I've never owned a hand mirror. I had no interest in the back of my hair, always having a style that didn't require a lot of fussing. I figured, too, if somebody didn't like the way the back of my hair was arranged, the could avert their eyes.
Now, I need a hand mirror. As my hair has made it's exit, I am left with some patchy and itchy stuff on the back of my head. Where I can't see it. As I've gotten more comfortable with baring my bald head in public and as it's become more necessary, as when my body temperature goes through the roof, I want to know what's back there.
The strange things we worry about.
I'm thinking this morning about what marks the passage of time in my life. Tiffany will be 28 this March and Peter will be 26 in April. Reg will be 35 in a couple weeks. How can we be old enough to have children approaching their 30's and 40's? Ella turned 7 on her recent birthday and she was asking, already, about when she could learn to drive. Life goes by at warp speed, my friends.
I've read that cancer can be like that...a marker in your life. Before I was diagnosed and after I was diagnosed. Like the lives of people who have lived and died with it. My dad's death from caner, and my grandma's death from cancer, both stand out as memorable, and painful, times in my life but also as times when relationships and events were crystallized in some way. I can recall conversations I had with my grandma about her favorite tea cups and her other possessions with amazing clarity. Something about dying, or the awareness of it, brings things into focus in a way nothing else can.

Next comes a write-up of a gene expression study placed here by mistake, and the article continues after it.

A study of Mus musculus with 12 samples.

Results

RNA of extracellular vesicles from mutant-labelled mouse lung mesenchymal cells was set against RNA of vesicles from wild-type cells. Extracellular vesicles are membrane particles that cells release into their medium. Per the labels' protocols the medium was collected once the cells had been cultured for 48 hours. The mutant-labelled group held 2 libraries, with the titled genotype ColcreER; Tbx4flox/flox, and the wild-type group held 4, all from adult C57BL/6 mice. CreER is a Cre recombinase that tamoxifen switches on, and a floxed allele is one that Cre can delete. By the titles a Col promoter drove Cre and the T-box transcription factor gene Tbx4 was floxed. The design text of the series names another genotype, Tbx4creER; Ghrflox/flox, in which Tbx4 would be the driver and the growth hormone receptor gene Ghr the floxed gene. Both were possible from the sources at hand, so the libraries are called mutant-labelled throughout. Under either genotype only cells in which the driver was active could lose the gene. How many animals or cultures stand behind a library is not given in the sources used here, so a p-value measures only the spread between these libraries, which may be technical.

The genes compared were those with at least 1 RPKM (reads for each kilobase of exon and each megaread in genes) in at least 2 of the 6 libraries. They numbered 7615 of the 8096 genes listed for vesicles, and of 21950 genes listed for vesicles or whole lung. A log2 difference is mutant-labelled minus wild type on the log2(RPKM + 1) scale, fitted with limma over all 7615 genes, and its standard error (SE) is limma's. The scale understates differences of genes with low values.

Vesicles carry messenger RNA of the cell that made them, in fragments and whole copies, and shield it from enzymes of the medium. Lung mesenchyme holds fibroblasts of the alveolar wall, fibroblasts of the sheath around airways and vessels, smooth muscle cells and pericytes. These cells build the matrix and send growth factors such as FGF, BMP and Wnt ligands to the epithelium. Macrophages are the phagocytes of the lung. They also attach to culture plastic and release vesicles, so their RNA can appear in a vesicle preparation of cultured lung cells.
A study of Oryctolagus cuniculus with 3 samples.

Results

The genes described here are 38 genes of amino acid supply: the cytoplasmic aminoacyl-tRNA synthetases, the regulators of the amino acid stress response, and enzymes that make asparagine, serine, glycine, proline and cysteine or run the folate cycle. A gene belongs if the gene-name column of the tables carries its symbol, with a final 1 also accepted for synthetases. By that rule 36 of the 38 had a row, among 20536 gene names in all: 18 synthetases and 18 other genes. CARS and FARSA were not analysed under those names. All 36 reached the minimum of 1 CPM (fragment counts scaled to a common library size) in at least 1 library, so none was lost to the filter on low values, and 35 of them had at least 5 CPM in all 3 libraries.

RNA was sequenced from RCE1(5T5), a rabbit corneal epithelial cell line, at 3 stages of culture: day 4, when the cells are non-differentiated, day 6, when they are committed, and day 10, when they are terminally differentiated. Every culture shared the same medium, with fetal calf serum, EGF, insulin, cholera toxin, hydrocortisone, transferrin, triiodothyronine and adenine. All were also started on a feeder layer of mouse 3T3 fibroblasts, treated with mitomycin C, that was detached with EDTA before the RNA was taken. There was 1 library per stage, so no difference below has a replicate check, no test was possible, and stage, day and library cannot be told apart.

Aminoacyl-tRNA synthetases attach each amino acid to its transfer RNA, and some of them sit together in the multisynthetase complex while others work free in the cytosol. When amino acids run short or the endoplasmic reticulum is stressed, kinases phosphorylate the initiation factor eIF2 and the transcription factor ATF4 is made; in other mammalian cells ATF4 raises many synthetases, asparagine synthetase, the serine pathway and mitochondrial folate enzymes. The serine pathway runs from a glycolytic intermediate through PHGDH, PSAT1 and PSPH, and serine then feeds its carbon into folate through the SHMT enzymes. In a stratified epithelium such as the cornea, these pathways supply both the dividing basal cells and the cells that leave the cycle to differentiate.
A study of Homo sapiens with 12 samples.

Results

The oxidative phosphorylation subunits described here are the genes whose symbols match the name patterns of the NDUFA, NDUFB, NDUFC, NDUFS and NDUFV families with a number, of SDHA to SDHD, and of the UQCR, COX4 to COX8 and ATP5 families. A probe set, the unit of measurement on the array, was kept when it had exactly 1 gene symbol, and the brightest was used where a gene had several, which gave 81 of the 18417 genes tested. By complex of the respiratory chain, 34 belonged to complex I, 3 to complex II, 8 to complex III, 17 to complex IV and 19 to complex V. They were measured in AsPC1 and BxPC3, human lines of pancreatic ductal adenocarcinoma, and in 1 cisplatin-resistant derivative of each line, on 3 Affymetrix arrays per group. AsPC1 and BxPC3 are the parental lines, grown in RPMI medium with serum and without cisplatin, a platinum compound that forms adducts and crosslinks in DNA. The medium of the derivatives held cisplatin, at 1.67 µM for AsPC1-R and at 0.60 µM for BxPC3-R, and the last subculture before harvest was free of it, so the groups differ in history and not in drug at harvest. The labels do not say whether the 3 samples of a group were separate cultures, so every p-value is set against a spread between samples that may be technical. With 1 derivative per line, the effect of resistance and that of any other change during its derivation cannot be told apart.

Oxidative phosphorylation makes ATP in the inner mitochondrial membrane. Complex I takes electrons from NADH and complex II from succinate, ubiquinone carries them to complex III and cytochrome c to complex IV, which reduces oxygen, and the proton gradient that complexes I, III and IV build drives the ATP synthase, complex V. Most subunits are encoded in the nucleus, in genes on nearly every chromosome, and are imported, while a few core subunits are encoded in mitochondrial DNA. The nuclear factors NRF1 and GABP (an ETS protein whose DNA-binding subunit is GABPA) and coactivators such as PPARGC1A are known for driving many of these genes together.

The other day I thought that my cancer diagnosis was like the tornado. At first, my mind could only take in small parts of it. I looked into the back yard and noticed the bird feeder tipped over by the wind. Then I noticed the tree limbs waist deep all over the yard. It took days to notice that one had smashed my car right in front of the house. Longer still to see the devastation suffered by the neighbors across the street.
My view of cancer has broadened in much the same way. At first it was a wound right in the pit of my stomach. I didn't know if I should try to spit it out or swallow it deeper into my body. Cover it up. Try to ignore it. I didn't want to hear the word cancer, I didn't want to hear about other people who had it and survived, or not. I didn't want to know anything about all those words like markers and receptors. I've grown accustomed to it now, it just lies there, but it does let me notice other people with cancer, it lets me understand conversations about my treatment and my prognosis, it lets me go on with my life with cancer as a sidelight, not the main show.
Maybe I should think of the back of my head like that. It ain't the main show, friends. It's one thing, maybe a patchy scaly thing, but it's not me. It's just my head. Just like it's only my cancer.
This is my Valentine tree which will serve as my can of whoop ass for the week!